What is Mead?
Mead is a unique class of alcoholic beverage characterized by three ingredients: fermented honey, water and yeast. Mead is the first known alcoholic beverage consumed by mankind and is believed to predate wine by nearly three thousand years. Today, mead is often referred to as ‘honey wine’ because the process of making mead and wine are so similar. The key difference is the use of honey rather than grapes as a source of sugar. Like wine, mead contains up to 20% alcohol and is typically sold by the bottle. Traditional mead is made without grains and is gluten-free.
What Mead Tastes Like
From Texas wildflowers to Japanese cherry blossoms; honey tastes like the flowers of its local region. Therefore mead comes in a variety of diverse and complex flavors profiles. How mead tastes depends on the type of honey, whether or not additional flavors were added, and how dry or sweet it was crafted to be. Traditional mead contains only honey, water, and yeast; however, there are many varieties of mead that include fruits, spices, and herbs. While most people assume a honey-based beverage would be sweet; like wine, mead can be dry, sweet, or semi-sweet.
Types of Mead
From herbaceous and dry, to sweet and fruity, the flavors of mead are so diverse that no matter your taste, there is a perfect mead for you.
Melomel is a type of mead that is made with any kind of fruit. Melomels can be dry or sweet; intensely fruity or sublte.
Cyser is a type of melomel, made with apples.
Pyment is a melomel mead, made with grapes.
Black Mead is a melomel, made with black currants.
Metheglin is mead made with herbs and or spices. The word 'medicine' likely derives from this word. For many centuries, mead infused with herbs or spices was a common remedy for colds and ailments. Common spices include cinnamon, rosemary, nutmeg, clove, ginger, allspice, thyme, and hyssop.
Bochet is mead that is made with caramelized or burned honey; resulting in dark smoky flavors like toffee, caramel, or marshmallow.
Braggot is made by fermenting honey and malted barley together; making it more of a mead-beer hybrid. Braggot was a common drink in medieval times.
Sparkling Mead is carbonated; like sparkling wine and Champagne.
How to Drink Mead
Straight mead is typically served chilled in a wine or cocktail glass; but there is really no wrong way to drink it. From ice cold to pipping hot in your favorite mug, mead can be enjoyed at any temperature.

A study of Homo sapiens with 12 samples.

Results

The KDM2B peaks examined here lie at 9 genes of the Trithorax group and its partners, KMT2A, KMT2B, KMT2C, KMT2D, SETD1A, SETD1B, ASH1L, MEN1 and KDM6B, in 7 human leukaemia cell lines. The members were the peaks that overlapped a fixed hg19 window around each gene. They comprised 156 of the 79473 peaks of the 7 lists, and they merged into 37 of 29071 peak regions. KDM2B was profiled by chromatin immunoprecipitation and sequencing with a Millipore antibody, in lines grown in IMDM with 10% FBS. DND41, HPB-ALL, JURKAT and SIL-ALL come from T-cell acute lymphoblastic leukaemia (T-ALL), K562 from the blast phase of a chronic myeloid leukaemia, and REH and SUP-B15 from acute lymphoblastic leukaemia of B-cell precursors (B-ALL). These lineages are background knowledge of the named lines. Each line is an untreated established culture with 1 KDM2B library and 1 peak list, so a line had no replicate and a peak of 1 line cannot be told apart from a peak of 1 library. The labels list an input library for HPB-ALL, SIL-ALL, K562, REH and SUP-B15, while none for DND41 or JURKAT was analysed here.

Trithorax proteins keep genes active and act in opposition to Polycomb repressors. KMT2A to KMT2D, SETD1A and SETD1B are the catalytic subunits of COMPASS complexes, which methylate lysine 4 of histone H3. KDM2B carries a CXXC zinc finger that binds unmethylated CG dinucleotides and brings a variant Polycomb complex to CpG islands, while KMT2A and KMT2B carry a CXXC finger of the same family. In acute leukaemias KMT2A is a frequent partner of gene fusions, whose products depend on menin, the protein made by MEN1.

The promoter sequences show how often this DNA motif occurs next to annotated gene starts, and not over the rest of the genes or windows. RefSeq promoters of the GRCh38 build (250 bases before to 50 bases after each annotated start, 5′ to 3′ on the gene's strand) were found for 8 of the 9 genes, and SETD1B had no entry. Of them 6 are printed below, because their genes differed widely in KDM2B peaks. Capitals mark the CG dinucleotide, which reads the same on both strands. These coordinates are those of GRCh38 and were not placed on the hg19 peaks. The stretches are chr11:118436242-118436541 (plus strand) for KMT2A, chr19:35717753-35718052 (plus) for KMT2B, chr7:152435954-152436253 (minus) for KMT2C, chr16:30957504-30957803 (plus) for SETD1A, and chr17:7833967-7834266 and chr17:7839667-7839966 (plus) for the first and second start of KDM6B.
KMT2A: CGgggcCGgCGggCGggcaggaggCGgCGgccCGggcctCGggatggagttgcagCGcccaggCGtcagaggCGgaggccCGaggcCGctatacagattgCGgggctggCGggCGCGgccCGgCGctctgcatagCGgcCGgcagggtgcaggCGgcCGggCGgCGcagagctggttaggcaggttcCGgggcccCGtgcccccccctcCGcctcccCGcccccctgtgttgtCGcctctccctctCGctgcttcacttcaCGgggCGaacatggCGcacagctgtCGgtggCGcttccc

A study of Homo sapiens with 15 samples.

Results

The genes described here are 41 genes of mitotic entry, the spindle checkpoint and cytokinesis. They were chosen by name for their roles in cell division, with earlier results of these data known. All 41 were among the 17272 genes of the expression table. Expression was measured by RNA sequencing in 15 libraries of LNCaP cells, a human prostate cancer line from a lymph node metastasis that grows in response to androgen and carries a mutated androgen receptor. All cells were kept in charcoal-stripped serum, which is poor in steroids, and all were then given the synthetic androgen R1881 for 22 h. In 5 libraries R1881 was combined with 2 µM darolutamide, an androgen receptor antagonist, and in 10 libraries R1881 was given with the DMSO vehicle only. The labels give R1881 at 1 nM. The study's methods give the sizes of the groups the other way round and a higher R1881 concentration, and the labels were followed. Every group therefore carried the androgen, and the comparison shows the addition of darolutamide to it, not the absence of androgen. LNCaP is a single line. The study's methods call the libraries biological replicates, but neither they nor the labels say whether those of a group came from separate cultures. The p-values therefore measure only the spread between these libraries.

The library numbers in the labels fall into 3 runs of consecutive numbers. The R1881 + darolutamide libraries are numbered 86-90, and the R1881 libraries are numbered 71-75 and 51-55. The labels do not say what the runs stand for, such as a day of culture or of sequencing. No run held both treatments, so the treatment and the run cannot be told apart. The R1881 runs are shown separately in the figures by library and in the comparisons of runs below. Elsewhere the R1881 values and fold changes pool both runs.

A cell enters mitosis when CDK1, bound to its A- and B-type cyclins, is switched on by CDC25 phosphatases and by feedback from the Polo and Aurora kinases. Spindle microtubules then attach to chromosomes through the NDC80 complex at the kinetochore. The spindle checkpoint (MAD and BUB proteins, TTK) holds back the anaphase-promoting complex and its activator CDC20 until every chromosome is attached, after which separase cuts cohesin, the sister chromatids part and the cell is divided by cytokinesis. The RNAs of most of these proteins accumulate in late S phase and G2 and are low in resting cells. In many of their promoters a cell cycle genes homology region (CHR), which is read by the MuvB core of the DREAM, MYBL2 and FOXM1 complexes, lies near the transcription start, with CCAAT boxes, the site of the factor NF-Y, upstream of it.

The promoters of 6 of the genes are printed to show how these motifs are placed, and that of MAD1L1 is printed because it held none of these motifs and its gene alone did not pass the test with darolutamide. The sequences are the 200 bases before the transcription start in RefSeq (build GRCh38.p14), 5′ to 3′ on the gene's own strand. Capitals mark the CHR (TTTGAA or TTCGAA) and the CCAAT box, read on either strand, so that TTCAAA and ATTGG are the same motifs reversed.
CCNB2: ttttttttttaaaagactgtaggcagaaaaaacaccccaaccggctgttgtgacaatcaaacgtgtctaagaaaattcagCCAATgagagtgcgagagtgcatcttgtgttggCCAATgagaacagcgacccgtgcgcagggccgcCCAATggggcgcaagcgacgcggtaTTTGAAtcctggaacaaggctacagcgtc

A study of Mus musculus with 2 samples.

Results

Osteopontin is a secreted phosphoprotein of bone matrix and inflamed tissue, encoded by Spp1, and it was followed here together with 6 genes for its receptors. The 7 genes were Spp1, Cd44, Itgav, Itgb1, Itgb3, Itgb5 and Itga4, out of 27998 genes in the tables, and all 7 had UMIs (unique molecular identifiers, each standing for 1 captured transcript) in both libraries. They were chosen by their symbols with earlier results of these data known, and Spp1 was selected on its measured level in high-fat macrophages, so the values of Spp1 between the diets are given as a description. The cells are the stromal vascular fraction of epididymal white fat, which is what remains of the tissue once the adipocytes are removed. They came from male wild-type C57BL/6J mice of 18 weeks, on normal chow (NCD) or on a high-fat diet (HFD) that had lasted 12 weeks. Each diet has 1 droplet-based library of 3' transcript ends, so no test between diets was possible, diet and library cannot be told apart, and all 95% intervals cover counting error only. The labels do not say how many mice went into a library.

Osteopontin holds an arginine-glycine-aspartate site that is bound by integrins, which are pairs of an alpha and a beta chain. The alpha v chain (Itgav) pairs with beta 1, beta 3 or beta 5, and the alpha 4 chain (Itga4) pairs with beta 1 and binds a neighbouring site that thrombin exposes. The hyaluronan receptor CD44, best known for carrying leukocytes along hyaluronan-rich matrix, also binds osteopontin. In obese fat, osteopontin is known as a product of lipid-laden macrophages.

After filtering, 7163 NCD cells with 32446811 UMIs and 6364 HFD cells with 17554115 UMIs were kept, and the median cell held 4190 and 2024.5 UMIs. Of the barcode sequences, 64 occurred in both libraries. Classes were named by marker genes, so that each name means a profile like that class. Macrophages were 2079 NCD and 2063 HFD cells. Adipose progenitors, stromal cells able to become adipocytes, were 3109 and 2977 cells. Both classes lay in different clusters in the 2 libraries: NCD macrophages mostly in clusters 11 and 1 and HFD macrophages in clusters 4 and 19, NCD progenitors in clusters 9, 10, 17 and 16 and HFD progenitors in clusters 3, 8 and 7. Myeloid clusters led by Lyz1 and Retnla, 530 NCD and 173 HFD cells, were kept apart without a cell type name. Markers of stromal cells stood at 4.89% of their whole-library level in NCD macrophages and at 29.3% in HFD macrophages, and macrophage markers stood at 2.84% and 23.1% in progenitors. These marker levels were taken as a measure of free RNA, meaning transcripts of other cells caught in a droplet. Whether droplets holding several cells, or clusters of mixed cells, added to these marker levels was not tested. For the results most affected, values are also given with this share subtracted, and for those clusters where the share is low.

Mead also makes an excellent cocktail ingredient. Add a drop of a sweet and fruity mead to a Gin Fizz or Vodka Tonic. Mix your mead with sparkling water, ice and fruit for a mead Sangria. Add a bit of herbal mead to your hot tea. The possibilities are endless. The diversity and versatility of mead make it a unique, show stopping ingredient that belongs in every serious mixologists liquor cabinet.
How to Store Mead
Mead should be stored in a cool dark place like a pantry, cabinet, or wine cellar. Do not to store mead in the sunlight. Do not store mead near a heat source. Prolonged exposure to sunlight or heat can detrimentally affect the taste and shelf-life.
Shelf Life of Mead
Once a bottle of mead is opened, like wine, it begins to oxidize. However, the effects of slight oxidation on mead are not as noticeable or offensive as with your typical wine. In effect, an opened bottle of mead has a longer shelf life than an open bottle of wine. Light meads with an alcohol content of <13% should be re-sealed and stored in a refrigerator. Meads with a high alcohol content can be tightly re-sealed and stored in a pantry or wine cellar. There is no exact expiration date for mead. An unopened bottle has a shelf life of many years. A properly stored re-sealed bottle should last many weeks.
Ecological Benefits of Mead
History of Mead
Humans began making mead (also referred to as honey wine) before the dawn of civilization. Mead made from harvested wild honey was consumed by hunter gatherers long before we began to cultivate grapes or grain for wine and beer. Pottery vessels dating back to 7000 BC in northern China indicate the presence of fermented honey.
In Europe, the earliest evidence of mead can be found in the archeological remains of the Bell Beaker Culture which thrived over 4,000 years ago. Ancient texts such as the Rigveda (1700-1100 BC) of India, and the works of Aristotle (384-322 BC), and Pliny the Elder (23-79) all refer to mead.
Mead was the primary drink of Celtic and Germanic heroic poetry. The Old English epic Beowulf refers to warriors consuming the mead.
An increase in the popularity of grape wine and the influx of cheaper cane sugar from the New World all contributed to the decline of mead in Europe --although some monasteries continued the tradition of mead-making as a by-product of honey production.
Today mead is experiencing a resurgence in popularity. People looking for a paleo-friendly or gluten free alcoholic beverage are seeking out mead as a new alternative to beer. An interest in local craft beverages and beverages made with local ingredients is also helping to fuel the growth of mead. Whatever the reason, we’re glad you are interested, and look forward to offering you many new interpretations of this ancient drink.